A meal program offered to local seniors could be in jeopardy if the state caps its matching funding for elderly programs, an issue currently being debated in the legislature.

By BRYCE MARTIN
Pioneer Editor | bmartin@countrymedia.net

A meal program offered to local seniors could be in jeopardy if the state caps its matching funding for elderly programs, an issue currently being debated in the legislature.

Colleen Rodakowski, executive director of Elder Care in Dickinson, said Wednesday that services her organization provides to southwest North Dakota through its meal program could be impacted if such a cap is introduced.

A rather discouraging picture of the state’s budget recently prompted legislators to introduce a bill that would cap the state’s funding match of the senior mill levy, which is paid to the state by North Dakota counties. This year the state’s match was roughly $3.5 million, according to the North Dakota Treasurer’s Office. That’s about equal to the proposed limit of the state’s matching funds for future years.

The Office of the State Tax Commissioner, however, said it predicted the amount of matching funds paid out by the state could reach about $3.9 million for next year, based on 2016 tax figures, surpassing the cap.

Elder Care’s program, called Café 60, is a pilot program where meals are offered to senior citizens in Bowman County available at Jabbr’s Family Restaurant. Elder Care also offers meals to senior citizens residing in Scranton through its home delivery service based out of Hettinger.

The Café 60 program started in December 2015 as an opportunity to market Elder Care’s meals to more elderly residents, Rodakowski said.

Meals are served at a minimum of three days each week. Seniors in the program can make a selection of what they want, and can eat when they want whenever the restaurant is open.

“We find that we’re feeding more elderly that way,” she explained, instead of just having a set time for meals during the day. The meals are offered at a suggested donation of $4.

The senior mill levy contributes to most of Elder Care’s meal programs, which led Rodakowski to advocate for the legislature’s vote against passing the cap proposal.

Rep. Denton Zubke, who serves District 39 encompassing much of southwest North Dakota, told The Pioneer on Wednesday that he is opposed to such cuts.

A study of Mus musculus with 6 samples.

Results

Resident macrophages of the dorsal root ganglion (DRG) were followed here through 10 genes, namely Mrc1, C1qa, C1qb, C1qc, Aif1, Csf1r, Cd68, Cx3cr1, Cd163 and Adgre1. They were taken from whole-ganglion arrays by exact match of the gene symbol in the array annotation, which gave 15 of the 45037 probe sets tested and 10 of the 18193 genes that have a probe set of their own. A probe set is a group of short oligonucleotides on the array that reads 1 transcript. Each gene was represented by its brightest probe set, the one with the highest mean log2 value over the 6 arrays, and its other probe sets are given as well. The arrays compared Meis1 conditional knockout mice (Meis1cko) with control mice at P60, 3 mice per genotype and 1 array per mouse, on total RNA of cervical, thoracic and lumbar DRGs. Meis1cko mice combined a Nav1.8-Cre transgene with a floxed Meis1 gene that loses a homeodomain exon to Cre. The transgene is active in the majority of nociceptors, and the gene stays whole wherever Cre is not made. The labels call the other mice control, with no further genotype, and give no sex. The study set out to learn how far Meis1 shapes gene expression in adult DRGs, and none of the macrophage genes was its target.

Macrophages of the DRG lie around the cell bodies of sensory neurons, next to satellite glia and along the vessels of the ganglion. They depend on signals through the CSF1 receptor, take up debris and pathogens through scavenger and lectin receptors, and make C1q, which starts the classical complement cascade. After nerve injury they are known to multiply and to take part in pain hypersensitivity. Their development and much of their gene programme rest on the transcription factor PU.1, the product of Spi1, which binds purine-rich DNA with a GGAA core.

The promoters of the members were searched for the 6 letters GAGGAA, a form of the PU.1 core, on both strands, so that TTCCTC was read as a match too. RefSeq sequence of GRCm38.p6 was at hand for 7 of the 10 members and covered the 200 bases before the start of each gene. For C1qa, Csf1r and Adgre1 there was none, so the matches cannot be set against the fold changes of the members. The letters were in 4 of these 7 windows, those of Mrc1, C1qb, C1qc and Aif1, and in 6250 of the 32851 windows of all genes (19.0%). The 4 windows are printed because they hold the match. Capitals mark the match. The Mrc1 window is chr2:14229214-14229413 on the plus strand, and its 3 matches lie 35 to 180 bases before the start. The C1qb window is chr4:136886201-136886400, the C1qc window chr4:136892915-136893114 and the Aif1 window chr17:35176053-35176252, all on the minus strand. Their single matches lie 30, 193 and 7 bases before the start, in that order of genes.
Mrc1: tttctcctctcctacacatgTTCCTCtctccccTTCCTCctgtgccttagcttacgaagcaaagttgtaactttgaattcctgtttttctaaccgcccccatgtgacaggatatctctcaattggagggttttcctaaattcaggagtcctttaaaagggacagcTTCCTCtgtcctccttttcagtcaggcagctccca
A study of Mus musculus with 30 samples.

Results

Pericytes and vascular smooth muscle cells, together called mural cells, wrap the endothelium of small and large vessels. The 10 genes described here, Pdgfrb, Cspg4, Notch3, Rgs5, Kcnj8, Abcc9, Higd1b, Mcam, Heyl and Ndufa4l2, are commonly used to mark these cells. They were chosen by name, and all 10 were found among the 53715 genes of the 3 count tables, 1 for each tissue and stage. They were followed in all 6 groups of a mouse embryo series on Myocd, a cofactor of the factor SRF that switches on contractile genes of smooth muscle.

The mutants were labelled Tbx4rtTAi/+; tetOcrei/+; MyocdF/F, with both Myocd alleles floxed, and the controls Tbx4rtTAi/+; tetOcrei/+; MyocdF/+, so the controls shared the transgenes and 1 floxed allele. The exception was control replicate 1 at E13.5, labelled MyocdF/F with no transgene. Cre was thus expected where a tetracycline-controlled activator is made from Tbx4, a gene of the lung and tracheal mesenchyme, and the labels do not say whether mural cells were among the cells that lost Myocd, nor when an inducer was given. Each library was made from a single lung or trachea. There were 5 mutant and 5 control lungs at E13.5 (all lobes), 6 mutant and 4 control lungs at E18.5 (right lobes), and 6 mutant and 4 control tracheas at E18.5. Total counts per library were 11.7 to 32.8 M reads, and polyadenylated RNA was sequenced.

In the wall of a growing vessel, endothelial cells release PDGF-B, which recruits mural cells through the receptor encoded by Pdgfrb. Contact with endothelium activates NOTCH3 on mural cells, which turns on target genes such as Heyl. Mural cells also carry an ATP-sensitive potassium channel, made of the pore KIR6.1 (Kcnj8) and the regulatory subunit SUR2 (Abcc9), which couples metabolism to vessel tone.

“Usually (the cuts) are part of a larger budget or picture and we are left with only two options: vote yes for the funding bill which includes the cuts, or vote no,” Zubke said. “Things get much more complicated at this stage.”

Zubke said it was unfortunate that the state is seeking cuts to programs, such as meals for the elderly, when it’s resting on an estimated $5.4 billion legacy fund.

“But I do also agree with many legislators that once you open the door to the legacy fund, how do you decide whose project is more important,” he added.

Aside from impacts at the state level, concerns exist regarding what the Trump Administration will announce for cuts to programs.

Thus far the administration has promoted a cut to community development block grants that support funding of some elder care meals, but not in North Dakota.

“But we really don’t know what Trump is going to do with his proposals that might affect the Department of Health and Human Services,” she added, which could ultimately affect Elder Care’s programs. “We don’t know what that effect has on us.”

If the state does enact a cap on the senior mill levy matching funds, it would certainly lessen funding for Elder Care’s meals program, but not likely to eradicate the program entirely.

A total of 5,265 senior meals were served from January to December 2016 in Bowman County, according to Rodakowski. Of that total, 1,922 meals were home delivered, with the remaining being served by Jabbr’s.

“I think that’s a nice size,” she said.

Café 60 got its start when Elder Care sought to provide nutrition to local seniors, to sustain their health and even help them remain independent in their home for as long as possible. “That’s our mission,” she said.

With the meals, “we believe that somebody can remain in their home for a year-and-a-half longer before some have to go into a nursing home,” Rodakowski added. “That, to me, is why my staff and I are committed to this program.”

Elder Care is hoping the legislature takes notice of the positive effects its meals programs have had in the communities it serves. Especially since it is anticipated that in the next 45 years the elderly population in North Dakota will double, according to Rodakowski.